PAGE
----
Read the full story at Arkansas Times.
Last week, Pulaski County Circuit Judge Wendell Griffen issued a preliminary injunction to prevent the state Medical Marijuana Commission from awarding five permits to companies to cultivate marijuana in the state.
He declared the earlier scoring of five top applicants “null and void,” with a key factor being commissioners’ conflicts of interest.
The state later announced that it would appeal to the Arkansas Supreme Court.
Griffen’s decision came in a lawsuit filed by Naturalis Health, one of dozens of applicants that finished low in the scoring. It alleged faulty judging, conflicts of interest and arbitrary scoring. Other intervenors made similar complaints. The commission announced the top scores Feb. 27. The winners, in order, were Natural State Medicinals Cultivation, Bold Team, Natural State Wellness Enterprises, Osage Creek Cultivation and Delta Medical Cannabis Co. Inc.
In summary, Griffen said: “To put it bluntly, the Medical Marijuana Commission and Alcoholic Beverage Control Division have proceeded in a manner that denies due process and the rule of law, rather than in a manner that respects it.”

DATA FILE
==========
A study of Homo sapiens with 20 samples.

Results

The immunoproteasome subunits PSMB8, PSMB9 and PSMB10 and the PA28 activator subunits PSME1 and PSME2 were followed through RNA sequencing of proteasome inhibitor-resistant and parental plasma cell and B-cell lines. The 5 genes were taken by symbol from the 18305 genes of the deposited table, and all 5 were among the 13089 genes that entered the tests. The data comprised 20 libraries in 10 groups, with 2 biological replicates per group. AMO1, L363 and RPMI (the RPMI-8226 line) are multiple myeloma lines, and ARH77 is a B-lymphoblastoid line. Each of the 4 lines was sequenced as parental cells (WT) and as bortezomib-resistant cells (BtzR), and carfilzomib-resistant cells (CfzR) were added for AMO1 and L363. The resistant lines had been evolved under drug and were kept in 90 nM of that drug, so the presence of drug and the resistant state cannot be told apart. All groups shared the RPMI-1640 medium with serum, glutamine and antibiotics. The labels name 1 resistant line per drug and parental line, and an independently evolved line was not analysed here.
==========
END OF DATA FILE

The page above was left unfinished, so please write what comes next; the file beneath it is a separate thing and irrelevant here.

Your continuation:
He said it was “unpleasant” that the decision means more delay for people hoping to obtain medical marijuana to alleviate suffering. But he said it was the court’s duty to uphold the rule of law.
Griffen’s ruling “will help convince Arkansans that the process [of selecting medical marijuana cultivators and dispensers] was rolled out in a fair and equitable manner,” Storm Nolan, the founder of the Arkansas Cannabis Industry Association and its former president, said.
“The unfortunate part is it’s going to take even longer for patients to get medical cannabis,” and patients are already frustrated with the amount of time it’s taking Arkansas to implement a constitutional amendment voted on by the people in 2016, he said. “It’s making people cynical,” he said, but the association is trying to educate those who need medical cannabis that the “state is not trying to drag its feet” on the implementation of the industry.
Nolan is also an owner in River Valley Relief Cultivation, which was scored in sixth place by the Medical Marijuana Commission, just out of the running.
After Griffen’s ruling, Governor Hutchinson said the commission should have granted licenses to qualified applicants by a lottery system.
The commission now has to decide how to proceed in awarding 32 dispensary permits from among 200 or so applicants.